Cleaning the Saint-Nicolas Rocks
As part of its marine biodiversity management mission, the Directorate of the Environment organized a cleaning of the Saint Nicolas rocks on 15 June 2018.
These coral producing rocks, located at the exit of the Fontvieille port, are rich in biodiversity and must be preserved. However, they are subject to the pressures of human activities which result in the presence of waste, a large proportion of which comes from recreational fishing activities (fishing lines, hooks, etc). For two years, several cleaning operations have made it possible to remove much of the waste in this area.
This clean-up operation is also an opportunity to unite the various local players around a common environmental activity and has been organized in two stages:
The first day, 15 June 2018, is in collaboration with the following institutional bodies: the Prince’s Carabineers, the Fire Brigade, the Maritime and Airport Police Division, the Oceanographic Museum and the Scientific Centre of Monaco.
The second cleaning day will be held in autumn 2018 in collaboration with different Monegasque associations who are mobilizing for the protection of marine life.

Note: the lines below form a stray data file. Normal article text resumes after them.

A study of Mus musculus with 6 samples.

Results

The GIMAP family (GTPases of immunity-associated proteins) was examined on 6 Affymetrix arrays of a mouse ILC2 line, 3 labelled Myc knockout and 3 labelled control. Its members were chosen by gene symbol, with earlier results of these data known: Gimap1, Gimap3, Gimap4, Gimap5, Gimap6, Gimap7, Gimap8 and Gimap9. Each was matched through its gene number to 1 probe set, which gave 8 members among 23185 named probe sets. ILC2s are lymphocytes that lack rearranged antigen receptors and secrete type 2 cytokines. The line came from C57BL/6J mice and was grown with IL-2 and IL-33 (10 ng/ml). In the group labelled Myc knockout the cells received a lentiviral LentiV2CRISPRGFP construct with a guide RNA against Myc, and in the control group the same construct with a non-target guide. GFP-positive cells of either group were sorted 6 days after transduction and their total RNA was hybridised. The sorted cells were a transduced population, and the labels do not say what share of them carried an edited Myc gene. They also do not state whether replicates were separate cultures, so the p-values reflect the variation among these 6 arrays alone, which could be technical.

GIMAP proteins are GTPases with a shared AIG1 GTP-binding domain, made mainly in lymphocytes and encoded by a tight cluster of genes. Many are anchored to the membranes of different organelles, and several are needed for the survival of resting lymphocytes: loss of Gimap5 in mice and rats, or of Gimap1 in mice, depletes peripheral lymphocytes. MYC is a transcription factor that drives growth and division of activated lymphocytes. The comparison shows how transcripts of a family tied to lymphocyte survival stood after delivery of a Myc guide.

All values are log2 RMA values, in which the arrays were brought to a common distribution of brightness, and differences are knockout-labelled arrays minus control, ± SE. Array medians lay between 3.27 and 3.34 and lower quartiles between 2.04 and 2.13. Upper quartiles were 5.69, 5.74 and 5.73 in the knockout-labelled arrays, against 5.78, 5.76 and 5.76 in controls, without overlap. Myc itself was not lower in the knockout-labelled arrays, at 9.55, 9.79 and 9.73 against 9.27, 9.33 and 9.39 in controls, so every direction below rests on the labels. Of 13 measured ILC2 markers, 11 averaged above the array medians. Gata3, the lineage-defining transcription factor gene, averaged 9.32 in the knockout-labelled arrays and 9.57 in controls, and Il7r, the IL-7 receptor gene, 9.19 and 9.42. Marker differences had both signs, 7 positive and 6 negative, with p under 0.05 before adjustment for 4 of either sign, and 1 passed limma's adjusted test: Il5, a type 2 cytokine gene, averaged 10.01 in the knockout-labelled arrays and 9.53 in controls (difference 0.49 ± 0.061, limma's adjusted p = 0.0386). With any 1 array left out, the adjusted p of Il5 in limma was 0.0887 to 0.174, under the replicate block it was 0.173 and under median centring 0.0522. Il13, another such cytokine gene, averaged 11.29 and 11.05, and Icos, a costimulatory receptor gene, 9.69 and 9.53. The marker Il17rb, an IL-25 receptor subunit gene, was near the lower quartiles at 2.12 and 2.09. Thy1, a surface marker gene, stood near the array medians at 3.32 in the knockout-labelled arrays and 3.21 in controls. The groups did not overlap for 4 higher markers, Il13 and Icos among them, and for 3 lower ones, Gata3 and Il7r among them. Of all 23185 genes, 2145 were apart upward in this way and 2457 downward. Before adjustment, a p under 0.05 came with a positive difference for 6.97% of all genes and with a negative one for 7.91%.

Clean Harbour Program: new bins installed on the port
As part of the Clean Harbour program, new waste bins have recently been installed on the port of Monaco by the Urban Planning Department.
The enclosures located on the quay of the central T sometimes became a mini dumping site, where boaters deposited their bulky waste. In addition, during major events (Grand Prix, Monaco Yacht Show), when waste production was high, the Monegasque Society of Sanitation did not have access to those enclosures.
Now, a site with permanent access and large, buried and semi-submerged containers has been created.
During the installation, every precaution was taken not to pollute the aquatic environment, including the installation of an anti-pollution dam, and regular sampling and systematic water analyzes.
This new Clean Harbour space is also equipped with recycling bins (for plastic and for glass) and special bins for boating waste (for used oil and oil filters). In addition, traps have been planned for larger waste.
The buried containers are completely waterproof. A grate also recovers runoff in an oil separator near the terminal which collects used oil from boats. The new space will reduce pollutants that harm aquatic life.